I’ve hit on a way to dial in miter gauges for tricky angles, such as for a seven-sided frame. Cut a piece of 3/4″ MDF a few inches longer and wider than your miter gauge. Then cut a centered dado the width of your miter-gauge bar. Attach blocks to the back for stability when you stand the MDF on end and add such options as a hold-down toggle. A 2″ block at the end of the dado helps support the miter gauge.

Attach the miter gauge to the jig, and stand the jig on end on your tablesaw. Turn on your digital angle finder (in my case, a Wixey), ¬†and zero it out on your tablesaw with its edge against the base of the jig. Loosen the scale on the miter gauge and place the angle finder on the face of the miter gauge (with or without an extension). Tilt the miter gauge until the angle finder reads the correct angle and tighten the gauge (as in the photo). ¬†Recheck your angle to make sure nothing shifted when it was being tightened. Now you’re ready to make some test cuts in MDF strips to confirm your settings.Miter gauge adjustment jig


17 Responses to “Wixey tricksy”

  1. This is the best tip I have seen in months!

  2. GREAT IDEA!!!!!

  3. OK, I know what I’m making this morning!

  4. mmm, really ingenious

  5. One of those why didn’t I think of that idea’s, brilliant.

  6. I’m thinking of another technique that would accomplish the same thing, without building the jig.

    - zero the digital angle gauge on the saw top.
    - set the miter gauge, face down, on the saw top, with the bar hanging down off the side, pointing to the floor.
    - attach the digital angle gauge to the steel bar and adjust the angle of the miter gauge to the correct reading.

  7. Great Idea no telling how many time I have had to re-cut one or more pieces because of an incorrect angle.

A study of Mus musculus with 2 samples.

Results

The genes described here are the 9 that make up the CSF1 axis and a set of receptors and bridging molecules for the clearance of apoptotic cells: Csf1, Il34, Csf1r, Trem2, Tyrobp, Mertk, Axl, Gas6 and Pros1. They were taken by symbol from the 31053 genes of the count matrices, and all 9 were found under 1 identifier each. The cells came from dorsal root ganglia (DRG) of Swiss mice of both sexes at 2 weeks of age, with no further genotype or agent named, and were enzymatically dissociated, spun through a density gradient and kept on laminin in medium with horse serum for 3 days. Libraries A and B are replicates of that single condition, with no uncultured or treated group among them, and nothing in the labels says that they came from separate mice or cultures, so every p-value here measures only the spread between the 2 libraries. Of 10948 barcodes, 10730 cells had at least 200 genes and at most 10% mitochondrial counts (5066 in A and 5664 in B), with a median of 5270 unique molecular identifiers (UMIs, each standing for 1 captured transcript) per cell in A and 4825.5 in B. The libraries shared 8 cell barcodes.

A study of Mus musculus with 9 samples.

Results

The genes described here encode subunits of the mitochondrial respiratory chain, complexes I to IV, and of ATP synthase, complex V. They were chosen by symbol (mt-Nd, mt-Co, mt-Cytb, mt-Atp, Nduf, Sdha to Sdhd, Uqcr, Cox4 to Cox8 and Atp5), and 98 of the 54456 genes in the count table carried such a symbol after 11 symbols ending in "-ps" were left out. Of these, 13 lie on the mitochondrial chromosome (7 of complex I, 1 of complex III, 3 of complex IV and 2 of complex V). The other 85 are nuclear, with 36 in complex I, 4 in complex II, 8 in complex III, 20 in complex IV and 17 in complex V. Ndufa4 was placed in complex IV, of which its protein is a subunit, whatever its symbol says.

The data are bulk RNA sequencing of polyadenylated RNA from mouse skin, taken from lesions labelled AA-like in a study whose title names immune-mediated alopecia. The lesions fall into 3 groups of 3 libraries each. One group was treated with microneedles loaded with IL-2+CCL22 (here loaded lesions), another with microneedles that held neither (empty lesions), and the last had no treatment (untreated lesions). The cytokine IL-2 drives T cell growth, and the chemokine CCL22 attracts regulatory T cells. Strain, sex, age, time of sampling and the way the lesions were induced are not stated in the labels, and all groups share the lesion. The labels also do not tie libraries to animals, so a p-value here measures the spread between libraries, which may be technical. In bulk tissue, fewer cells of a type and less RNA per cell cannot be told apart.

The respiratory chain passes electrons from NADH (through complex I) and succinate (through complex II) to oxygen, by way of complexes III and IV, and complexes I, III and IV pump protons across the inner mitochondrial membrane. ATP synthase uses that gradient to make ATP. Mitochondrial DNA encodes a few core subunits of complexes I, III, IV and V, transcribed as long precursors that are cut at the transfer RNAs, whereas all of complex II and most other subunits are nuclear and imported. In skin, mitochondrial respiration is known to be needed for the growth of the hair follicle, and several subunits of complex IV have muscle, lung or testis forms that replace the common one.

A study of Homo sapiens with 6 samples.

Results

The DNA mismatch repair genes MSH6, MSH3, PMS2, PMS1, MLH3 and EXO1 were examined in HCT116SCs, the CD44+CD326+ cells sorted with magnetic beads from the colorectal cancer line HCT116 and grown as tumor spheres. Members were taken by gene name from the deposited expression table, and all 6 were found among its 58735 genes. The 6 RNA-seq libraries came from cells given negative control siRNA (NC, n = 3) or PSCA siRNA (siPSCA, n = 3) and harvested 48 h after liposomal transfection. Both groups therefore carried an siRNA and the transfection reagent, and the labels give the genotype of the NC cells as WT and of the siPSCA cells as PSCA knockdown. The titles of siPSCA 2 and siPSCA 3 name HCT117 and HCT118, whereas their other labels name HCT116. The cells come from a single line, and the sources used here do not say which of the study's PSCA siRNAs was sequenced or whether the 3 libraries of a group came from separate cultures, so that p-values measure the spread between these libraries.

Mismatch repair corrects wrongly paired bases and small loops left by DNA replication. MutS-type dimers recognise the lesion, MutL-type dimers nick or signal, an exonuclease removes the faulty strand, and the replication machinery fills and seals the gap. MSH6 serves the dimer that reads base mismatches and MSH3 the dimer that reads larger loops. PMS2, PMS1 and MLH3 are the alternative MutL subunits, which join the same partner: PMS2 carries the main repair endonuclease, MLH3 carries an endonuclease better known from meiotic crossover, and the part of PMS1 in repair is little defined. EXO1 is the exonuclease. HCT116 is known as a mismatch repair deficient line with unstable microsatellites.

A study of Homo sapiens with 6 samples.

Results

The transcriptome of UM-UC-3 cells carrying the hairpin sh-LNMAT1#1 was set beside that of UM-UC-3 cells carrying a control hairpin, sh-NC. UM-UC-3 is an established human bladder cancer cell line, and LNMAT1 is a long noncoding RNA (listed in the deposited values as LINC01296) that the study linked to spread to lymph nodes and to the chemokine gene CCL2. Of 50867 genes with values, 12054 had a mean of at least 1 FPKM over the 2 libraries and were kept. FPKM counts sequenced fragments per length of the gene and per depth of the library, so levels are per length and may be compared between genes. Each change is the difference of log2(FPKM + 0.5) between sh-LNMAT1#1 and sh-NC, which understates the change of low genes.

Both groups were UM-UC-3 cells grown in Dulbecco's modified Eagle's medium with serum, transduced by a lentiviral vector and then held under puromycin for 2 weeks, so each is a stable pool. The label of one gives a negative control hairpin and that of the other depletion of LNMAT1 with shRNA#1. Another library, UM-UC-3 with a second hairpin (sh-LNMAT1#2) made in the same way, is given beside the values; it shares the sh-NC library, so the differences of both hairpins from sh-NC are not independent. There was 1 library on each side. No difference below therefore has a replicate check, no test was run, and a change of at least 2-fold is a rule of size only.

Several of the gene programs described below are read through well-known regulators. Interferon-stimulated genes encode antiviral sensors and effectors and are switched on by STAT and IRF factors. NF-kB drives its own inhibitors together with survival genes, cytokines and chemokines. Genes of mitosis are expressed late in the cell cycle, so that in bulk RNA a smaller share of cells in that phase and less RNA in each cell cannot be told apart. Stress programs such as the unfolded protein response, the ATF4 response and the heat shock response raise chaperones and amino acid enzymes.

8. Awesome idear. Very clever.

  9. Love it! Keep it simple stupid… Thanks for the tip.

  10. Not to rain on your parade, but more to stand on the shoulders of your idea.

    Take any flat board and hang it off the edge of the table facing you. Then hold your MG above your saw in the position you normally use it, then dip the tang down in front and rest it on the board. Then place your Wixie on the side of the tang. One less jig to try to keep up with. :)

  11. I like this jig. With a little work, it could do double-duty as a MG “holster”.

  12. That works, too. Just take care to avoid tilting the digital angle finder while holding it against the miter gauge bar and throwing off the reading.

  13. Happy to help. Some shop time helps pass our Des Moines winter with its 11-degree “highs.” If it gets any colder, I may start burning some shop projects before I make mistakes on them instead of after.

  14. Great idea, as well as the others mentioned in the comments. Like others have said, how come I have not thought of these before?!

  15. Bravo Bob,
    Simple acurate, trustworthy, easy to assemble. Sounds like a sales pitch I have heard, but at least in this case TRUE. Thanks Bob.

  16. In this age of computers you can use any drafting program to draw a multi-sided figure with a few mouse clicks. Print it out,glue the picture to cardboard for stiffness, cut it out. and you have a template for the required angle. No need to waste MDF, no need for a Wixie or any other angle measuring device

  17. You may also set your chatbox in your blog to get more effectiveness among the readers.